A giant sink hole has become point of attraction at the National Corvette Museum in Kentucky. However the museum board has voted to close the sink hole.
The giant sink hole appeared from nowhere and it swallowed eight cars to become a bigger attraction than the exhibits in the museum.
Earlier the museum’s board voted to fill up the sink hole which had opened up in February and became an added attraction for persons visiting the museum. In fact the curiosity about the sinkhole upped the attendance as well as the revenue of the museum in Bowling Green.
The vote was a reversal of an earlier decision which sought to preserve a portion of the sinkhole complete with the crumpled car in tow to still the moment when the sink hole opened in the museum’s Skydome. Thankfully the museum was closed at that time and therefore no one was injured. The decision to keep a portion of the sinkhole lost favor because it would increase the costs by added security measures.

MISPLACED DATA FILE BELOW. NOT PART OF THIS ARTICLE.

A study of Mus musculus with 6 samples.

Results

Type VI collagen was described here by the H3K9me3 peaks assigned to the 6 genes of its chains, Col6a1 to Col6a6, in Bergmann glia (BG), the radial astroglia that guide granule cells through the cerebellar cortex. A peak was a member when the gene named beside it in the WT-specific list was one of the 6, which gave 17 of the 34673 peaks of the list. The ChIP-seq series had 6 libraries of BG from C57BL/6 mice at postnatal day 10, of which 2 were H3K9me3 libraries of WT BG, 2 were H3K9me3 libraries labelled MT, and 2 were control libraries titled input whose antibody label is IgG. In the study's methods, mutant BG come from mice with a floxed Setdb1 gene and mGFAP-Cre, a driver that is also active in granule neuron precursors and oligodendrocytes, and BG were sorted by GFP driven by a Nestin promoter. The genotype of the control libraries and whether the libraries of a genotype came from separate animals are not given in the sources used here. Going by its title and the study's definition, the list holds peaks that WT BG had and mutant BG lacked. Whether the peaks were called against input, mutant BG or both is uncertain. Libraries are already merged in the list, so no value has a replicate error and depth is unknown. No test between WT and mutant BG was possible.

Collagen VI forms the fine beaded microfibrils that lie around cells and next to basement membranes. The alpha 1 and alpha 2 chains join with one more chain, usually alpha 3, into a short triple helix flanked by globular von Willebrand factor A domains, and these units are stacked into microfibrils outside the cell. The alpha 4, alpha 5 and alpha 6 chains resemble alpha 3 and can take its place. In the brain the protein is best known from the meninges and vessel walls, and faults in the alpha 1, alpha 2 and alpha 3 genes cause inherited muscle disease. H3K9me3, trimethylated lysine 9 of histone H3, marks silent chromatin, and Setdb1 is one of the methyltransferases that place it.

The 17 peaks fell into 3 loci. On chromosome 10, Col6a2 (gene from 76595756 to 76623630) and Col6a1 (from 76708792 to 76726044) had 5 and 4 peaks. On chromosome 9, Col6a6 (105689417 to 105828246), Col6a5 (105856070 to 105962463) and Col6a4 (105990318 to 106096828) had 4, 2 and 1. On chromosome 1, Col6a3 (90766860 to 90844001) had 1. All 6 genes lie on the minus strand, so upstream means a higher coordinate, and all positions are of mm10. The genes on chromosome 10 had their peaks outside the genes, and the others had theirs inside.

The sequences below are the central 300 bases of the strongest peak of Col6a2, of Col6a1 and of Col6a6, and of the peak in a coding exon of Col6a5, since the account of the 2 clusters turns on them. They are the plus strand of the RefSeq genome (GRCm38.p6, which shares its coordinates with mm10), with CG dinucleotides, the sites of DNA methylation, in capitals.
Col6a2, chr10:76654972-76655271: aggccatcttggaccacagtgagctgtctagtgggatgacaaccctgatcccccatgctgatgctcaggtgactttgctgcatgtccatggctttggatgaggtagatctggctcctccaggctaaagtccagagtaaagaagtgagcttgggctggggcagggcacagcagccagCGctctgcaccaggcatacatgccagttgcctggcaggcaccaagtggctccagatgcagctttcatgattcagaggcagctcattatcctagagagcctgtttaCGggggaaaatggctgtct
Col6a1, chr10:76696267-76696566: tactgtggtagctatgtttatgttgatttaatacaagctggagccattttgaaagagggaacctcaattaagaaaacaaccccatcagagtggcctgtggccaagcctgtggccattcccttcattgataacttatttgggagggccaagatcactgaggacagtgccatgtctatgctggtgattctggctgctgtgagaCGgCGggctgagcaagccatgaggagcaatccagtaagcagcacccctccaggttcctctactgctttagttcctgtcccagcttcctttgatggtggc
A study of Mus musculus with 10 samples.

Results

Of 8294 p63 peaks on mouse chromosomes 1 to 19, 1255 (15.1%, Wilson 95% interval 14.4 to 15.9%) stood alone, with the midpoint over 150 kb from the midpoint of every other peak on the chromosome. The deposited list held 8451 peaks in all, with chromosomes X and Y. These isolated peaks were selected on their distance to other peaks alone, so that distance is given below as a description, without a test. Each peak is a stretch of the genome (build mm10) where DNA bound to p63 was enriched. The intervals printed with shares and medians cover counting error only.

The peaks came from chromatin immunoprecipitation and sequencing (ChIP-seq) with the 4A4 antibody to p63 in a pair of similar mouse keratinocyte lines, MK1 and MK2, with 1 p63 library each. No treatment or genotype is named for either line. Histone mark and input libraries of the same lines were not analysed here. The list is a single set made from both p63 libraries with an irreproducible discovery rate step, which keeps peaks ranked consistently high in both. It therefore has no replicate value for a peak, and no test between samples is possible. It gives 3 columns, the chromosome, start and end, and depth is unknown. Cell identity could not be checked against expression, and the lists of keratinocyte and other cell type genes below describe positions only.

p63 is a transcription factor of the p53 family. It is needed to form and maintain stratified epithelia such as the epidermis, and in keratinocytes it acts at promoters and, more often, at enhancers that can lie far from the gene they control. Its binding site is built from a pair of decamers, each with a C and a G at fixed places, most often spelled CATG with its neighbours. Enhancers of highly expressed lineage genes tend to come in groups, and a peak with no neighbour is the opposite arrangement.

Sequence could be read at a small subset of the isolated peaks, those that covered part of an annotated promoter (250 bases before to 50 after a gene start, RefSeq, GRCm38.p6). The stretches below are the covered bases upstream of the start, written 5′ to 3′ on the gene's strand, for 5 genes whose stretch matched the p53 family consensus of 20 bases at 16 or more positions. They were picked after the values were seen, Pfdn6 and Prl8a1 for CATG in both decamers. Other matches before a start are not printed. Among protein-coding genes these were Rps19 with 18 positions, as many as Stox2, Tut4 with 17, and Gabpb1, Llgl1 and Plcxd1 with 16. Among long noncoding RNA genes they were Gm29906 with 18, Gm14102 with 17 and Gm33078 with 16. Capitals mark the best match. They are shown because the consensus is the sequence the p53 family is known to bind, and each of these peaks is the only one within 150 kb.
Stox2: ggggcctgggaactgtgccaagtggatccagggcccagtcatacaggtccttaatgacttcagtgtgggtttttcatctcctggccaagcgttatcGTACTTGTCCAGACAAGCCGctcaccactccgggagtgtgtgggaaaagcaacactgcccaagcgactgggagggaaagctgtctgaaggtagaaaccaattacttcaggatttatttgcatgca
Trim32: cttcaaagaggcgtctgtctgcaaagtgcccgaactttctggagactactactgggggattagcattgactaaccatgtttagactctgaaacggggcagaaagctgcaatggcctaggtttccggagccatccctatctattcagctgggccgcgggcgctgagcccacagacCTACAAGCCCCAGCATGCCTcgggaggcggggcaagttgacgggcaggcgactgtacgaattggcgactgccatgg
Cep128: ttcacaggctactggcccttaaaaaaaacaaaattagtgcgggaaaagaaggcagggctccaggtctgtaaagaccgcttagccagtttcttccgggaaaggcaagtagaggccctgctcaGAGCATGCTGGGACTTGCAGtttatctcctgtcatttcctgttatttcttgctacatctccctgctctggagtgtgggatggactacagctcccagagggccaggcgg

The sinkhole had opened up in February and cars worth $1 million toppled like toys amid rocks and concrete. The cars were pulled out of the sinkhole with much fanfare. Attendance shot up by 60% from March to June and the museum is also cashing in on the popularity of the sink hole and is selling sinkhole-related shirts, post cards and prints.
Sinkholes are formed when limestone starts dissolving in water and the process is hastened if the water is mildly acidic. What starts as a small hole ends up as a sinkhole like the one in National Corvette Museum in Kentucky which swallowed up eight cars. Flowing water keep’s dissolving the top, middle and the bottom of the hole making it bigger and bigger till the top soil caves in.